Auditory Fear Conditioning

We use auditory fear conditioning in which a tone is paired with a mild foot shock. Rats acquire learned fear responses to the tone as indicated by freezing and suppression of bar pressing for food. Subsequently, fear responses are extinguished with tone-alone trials. The following day, memory for fear extinction is assessed.

Platform-mediated Avoidance

We have modified the auditory fear conditioning task to study a type of active avoidance, in which rats avoid a tone-signaled foot-shock by stepping onto a nearby platform. Rats first acquire the tone-shock association, which is then followed by avoidance learning. After ten days of platform avoidance training, freezing to the tone decreases as avoidance increases. This task facilitates the comparison of the effects of manipulations on avoidance versus freezing, and resembles the appetitive “cost” of avoidance behaviors in humans.

Optogenetics in Behaving Rats

We infuse adeno-associated viruses that express Channelrhodopsin (Channel, excitation), Halorhodopsin (Halo, inhibition), or Archaerhodopsin (Arch, inhibition) into specific regions of the rat brain necessary for either fear or avoidance behaviors.  Once expressed, these opsins can be activated by laser light delivered through optical fibers.  Optogenetics offers important advantages over pharmacological manipulations including cell type specificity, timing specificity, and manipulation limited to terminals.  Using this technique, we have found that IL is necessary for extinction learning but not retrieval, 2) circuits of fear retrieval shift with the passage of time, 3) expression of active avoidance requires timed activity in PL neurons, and 4) cue-signaled food seeking is modulated by thalamic projections to the ventral striatum.

Single-Unit Recording from Behaving Rats

We use single-unit recording to monitor neuronal activity in two mPFC subregions, the prelimbic (PL) and infralimbic (IL) cortices, during fear and avoidance behaviors.  Our findings show that IL neurons signal extinction memory, whereas PL is responsible for sustaining fear responses after conditioning.  We have also combined single-unit recording with localized pharmacological inactivation during fear extinction and have found that pharmacological inactivation of the ventral hippocampus gates fear expression which also correlated with a decrease in neuronal firing in the prelimbic cortex.  Ongoing experiments include single unit recording in mPFC subregions during the platform-mediated avoidance task, and ensemble analysis of PL units across time following fear conditioning.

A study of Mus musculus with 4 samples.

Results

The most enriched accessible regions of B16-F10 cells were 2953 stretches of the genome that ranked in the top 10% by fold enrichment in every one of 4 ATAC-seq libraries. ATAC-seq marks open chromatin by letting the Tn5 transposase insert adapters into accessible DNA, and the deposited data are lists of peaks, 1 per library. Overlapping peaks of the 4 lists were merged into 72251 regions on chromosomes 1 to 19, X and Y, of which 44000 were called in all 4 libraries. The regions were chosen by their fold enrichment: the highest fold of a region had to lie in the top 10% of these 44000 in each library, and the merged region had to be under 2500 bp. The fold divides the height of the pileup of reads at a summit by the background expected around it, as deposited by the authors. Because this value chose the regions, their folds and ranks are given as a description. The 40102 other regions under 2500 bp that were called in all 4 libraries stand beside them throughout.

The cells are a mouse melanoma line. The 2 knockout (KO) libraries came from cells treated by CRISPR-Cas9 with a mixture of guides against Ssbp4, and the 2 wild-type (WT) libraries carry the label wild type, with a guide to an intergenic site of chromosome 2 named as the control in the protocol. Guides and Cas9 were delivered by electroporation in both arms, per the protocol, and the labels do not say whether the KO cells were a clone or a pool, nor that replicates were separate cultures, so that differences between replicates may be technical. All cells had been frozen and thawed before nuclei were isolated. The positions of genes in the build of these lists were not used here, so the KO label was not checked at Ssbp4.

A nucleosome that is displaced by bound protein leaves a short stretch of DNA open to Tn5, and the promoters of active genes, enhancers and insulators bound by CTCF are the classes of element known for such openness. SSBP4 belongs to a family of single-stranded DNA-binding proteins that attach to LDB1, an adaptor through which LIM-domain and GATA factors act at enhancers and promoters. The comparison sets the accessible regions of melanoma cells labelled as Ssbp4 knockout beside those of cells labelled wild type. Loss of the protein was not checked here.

Immunocytochemistry and other Molecular Techniques


We perform immunocytochemical labeling of markers for neuronal activity (c-Fos) and markers of cellular plasticity (p-ERK) to identify structures that signal extinction of fear and avoidance.  Combining cFos labeling with retrograde tracers such as cholera toxin-B, we can identify specific circuits that are activated by fear and avoidance behaviors.


Fear Reactions of Monkeys in the Wild

A small island off the south coast of Puerto Rico, Cayo Santiago, is a NIH funded Rhesus Macaque research facility containing 1,000 wild (free roaming) monkeys.  We are currently studying fear reactions in these monkeys by exposing them to a rubber snake, and correlating their fear responses with parameters such as age, sex, social behaviors, and genetic markers.


Human Fear Conditioning & Extinction

In collaboration with Dr. Karen G. Martinez’s lab, we use a differential fear conditioning paradigm in humans where subjects view pictures of different rooms (contexts) containing a variable colored light (cue). One color is paired with a mild electric shock (unconditioned stimulus) to their fingers (CS+), whereas a different color is not (CS−). The US delivery occurs at CS+ offset. We use skin conductance responses (SCRs) as our measure of the conditioned fear response.  We are examining the correlation of learned fear responses with ethnicity, neuropsychological tests, beta-blockers, and genetic markers (SNPs).  We study healthy volunteers as well as individuals with anxiety disorders. CETMA


Computational Modeling of Fear Circuits In collaboration:

In collaboration with Dr. Satish S. Nair at the University of Missouri, we us computational modeling to test hypothesis about prefrontal-amygdala circuits that regulate fear responses following conditioning and extinction.  Combining biologically realistic Hodgkin-Huxley-type modeling with actual unit recording, we can test novel hypotheses generated by the model about circuits of conditioned fear and avoidance.